Pressure Grows on Biden to Ban Russian Oil Imports in US
The bill would have to pass the Senate and House and be signed by President Joe Biden to become law, but the White House has indicated reluctance to support moves that could increase the price of gasoline at a time when inflation is already high.
The bill, Banning Russian Energy Imports Act, is intended to punish Vladimir Putin over his invasion of Ukraine and is sponsored by 18 senators in the 100-member chamber, including Sen. Joe Manchin, D-W.Va., a moderate, and Sen. Lisa Murkowski, R-Alaska. Similar legislation has been offered by Sen. Ed Markey, D-Mass., a more liberal lawmaker.
House Speaker Nancy Pelosi, D-Calif., also said she supports a ban.
"I'm all for that," she told reporters. "Ban the oil coming from Russia."
The White House did not immediately respond to a request for comment about whether Biden, a Democrat, would sign the bill.
"I don't believe this country should be importing anything from Russia," Sen. Jon Tester, D-Mont., who is from an oil-producing state and supports the Manchin-Murkowski bill, told reporters. "It will send even a bigger message that the United States is in this with Ukrainians for the long haul."
It was unclear if the bill will win the 60 votes in the Senate that are likely necessary for it to pass, but the fact several Democrats are co-sponsoring it increases its chances.
The United States imported more than 20.4 million barrels of crude and refined products a month on average in 2021 from Russia, about 8% of U.S. liquid fuel imports, according to the Energy Information Administration (EIA).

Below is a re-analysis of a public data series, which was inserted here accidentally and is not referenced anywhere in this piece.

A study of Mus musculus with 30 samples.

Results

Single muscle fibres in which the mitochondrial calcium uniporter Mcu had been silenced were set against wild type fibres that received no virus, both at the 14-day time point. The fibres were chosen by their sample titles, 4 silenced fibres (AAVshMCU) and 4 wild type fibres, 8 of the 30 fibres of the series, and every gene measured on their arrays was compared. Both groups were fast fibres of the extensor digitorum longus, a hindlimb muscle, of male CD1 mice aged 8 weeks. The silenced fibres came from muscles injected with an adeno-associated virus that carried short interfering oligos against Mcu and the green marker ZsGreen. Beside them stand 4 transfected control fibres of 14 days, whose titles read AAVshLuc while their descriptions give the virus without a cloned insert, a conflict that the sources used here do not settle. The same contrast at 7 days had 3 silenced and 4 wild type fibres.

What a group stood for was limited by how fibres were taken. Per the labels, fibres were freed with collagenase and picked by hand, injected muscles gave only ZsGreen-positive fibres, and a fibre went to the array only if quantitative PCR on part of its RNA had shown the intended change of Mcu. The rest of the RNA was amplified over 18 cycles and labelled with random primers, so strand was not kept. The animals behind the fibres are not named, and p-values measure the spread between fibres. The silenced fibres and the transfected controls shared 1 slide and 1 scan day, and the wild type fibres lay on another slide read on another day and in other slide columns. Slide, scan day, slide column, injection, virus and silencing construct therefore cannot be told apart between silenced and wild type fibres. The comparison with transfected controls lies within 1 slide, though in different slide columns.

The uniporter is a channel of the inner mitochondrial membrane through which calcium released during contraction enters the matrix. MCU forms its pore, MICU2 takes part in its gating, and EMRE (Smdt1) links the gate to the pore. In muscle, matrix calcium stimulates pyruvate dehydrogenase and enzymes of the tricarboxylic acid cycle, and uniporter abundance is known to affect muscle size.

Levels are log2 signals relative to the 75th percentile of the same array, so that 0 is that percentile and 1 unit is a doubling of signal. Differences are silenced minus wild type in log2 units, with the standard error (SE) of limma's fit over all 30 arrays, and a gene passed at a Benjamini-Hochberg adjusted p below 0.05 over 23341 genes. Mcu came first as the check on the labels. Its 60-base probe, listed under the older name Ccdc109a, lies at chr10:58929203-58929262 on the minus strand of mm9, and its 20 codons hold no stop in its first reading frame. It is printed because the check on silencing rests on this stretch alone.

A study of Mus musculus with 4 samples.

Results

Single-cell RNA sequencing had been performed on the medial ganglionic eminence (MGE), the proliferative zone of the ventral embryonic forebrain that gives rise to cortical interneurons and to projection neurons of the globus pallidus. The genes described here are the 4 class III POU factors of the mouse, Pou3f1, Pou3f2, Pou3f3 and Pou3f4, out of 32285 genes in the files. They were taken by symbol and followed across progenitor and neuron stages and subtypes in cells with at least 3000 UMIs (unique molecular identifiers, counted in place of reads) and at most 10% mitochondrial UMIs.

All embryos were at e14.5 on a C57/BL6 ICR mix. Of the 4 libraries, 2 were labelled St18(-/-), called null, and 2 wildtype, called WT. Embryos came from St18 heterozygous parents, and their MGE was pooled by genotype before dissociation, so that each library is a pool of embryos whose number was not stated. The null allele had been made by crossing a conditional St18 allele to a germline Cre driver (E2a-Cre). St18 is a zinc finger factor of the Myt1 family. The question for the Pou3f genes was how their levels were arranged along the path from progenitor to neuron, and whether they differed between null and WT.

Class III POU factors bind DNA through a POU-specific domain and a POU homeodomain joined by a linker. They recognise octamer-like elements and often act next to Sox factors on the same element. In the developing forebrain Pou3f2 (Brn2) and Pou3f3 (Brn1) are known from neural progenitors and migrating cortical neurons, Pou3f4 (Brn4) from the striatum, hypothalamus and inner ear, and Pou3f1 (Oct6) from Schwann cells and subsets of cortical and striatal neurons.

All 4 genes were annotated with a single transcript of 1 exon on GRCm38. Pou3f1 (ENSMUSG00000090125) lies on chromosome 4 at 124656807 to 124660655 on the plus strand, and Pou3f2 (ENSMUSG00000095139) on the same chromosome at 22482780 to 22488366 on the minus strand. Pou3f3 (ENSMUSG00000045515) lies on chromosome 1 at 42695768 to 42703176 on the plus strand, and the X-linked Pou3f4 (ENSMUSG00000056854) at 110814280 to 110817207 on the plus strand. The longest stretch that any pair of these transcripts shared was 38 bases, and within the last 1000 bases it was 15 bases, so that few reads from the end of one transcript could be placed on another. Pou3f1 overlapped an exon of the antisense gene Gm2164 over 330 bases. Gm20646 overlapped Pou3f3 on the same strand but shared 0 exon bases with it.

Par Pacific Holdings became the first U.S. refiner Thursday to suspend purchases of Russian oil for its Hawaii-based refinery. Russia accounted for nearly 28% of Hawaii's crude imports last year, according to the EIA.
Russia is the second-largest exporter of crude oil, shipping out 4 to 5 million barrels of crude every day, trailing only Saudi Arabia. A series of sanctions imposed by the West, while exempting Russian oil and gas, have nonetheless disrupted global oil trade, as buyers shun Russian barrels and search for supply elsewhere.
'Pad Putin's Pockets'
Russia produces about 10% of the world's crude and, while it has imposed a series of sanctions on Russia since the conflict in Ukraine has escalated, the Biden administration has so far been careful to not take actions that could send oil prices higher.
"We don't have a strategic interest in reducing the global supply of energy ... that would raise prices at the gas pump for the American people," White House spokesperson Jen Psaki told reporters Thursday.
Psaki said a ban on U.S. imports of crude from Russia could further increase oil prices, which hit decade-long highs this week. Retail gasoline prices have been steadily rising in the United States, the world's largest oil consumer; the average per-gallon price for regular gasoline was $3.73 on Thursday, according to the American Automobile Association.
"It also has the potential to pad the pockets of President Putin which is exactly what we are not trying to do," Psaki said.
Russia's economy is heavily dependent on oil and gas and many of its energy companies are state-owned.
Still, Biden has said everything is on the table in terms of punishing Russia.
Backers of the bill said it would only affect Russian oil exports to the United States and U.S., Canadian and other supplies from allies could replace the Russian barrels without boosting prices.
Sen. Chris Murphy, D-Conn., who has not backed the Manchin-Murkowksi bill, said "this is not the moment" for Congress to be setting a different direction from the Biden administration.
Murphy did seem to support the idea in theory of limiting Russian oil imports, however.
"It still feels like the right thing to do," he told reporters, adding any move in that direction should be done in coordination with Europe.
White House Deputy National Security Adviser Daleep Singh said Wednesday the Biden administration was looking at reducing U.S. consumption of Russian oil while maintaining the global supply of energy.
"There are other producers in the world that could backfill for any Russian oil we don't import," Singh said on CNN.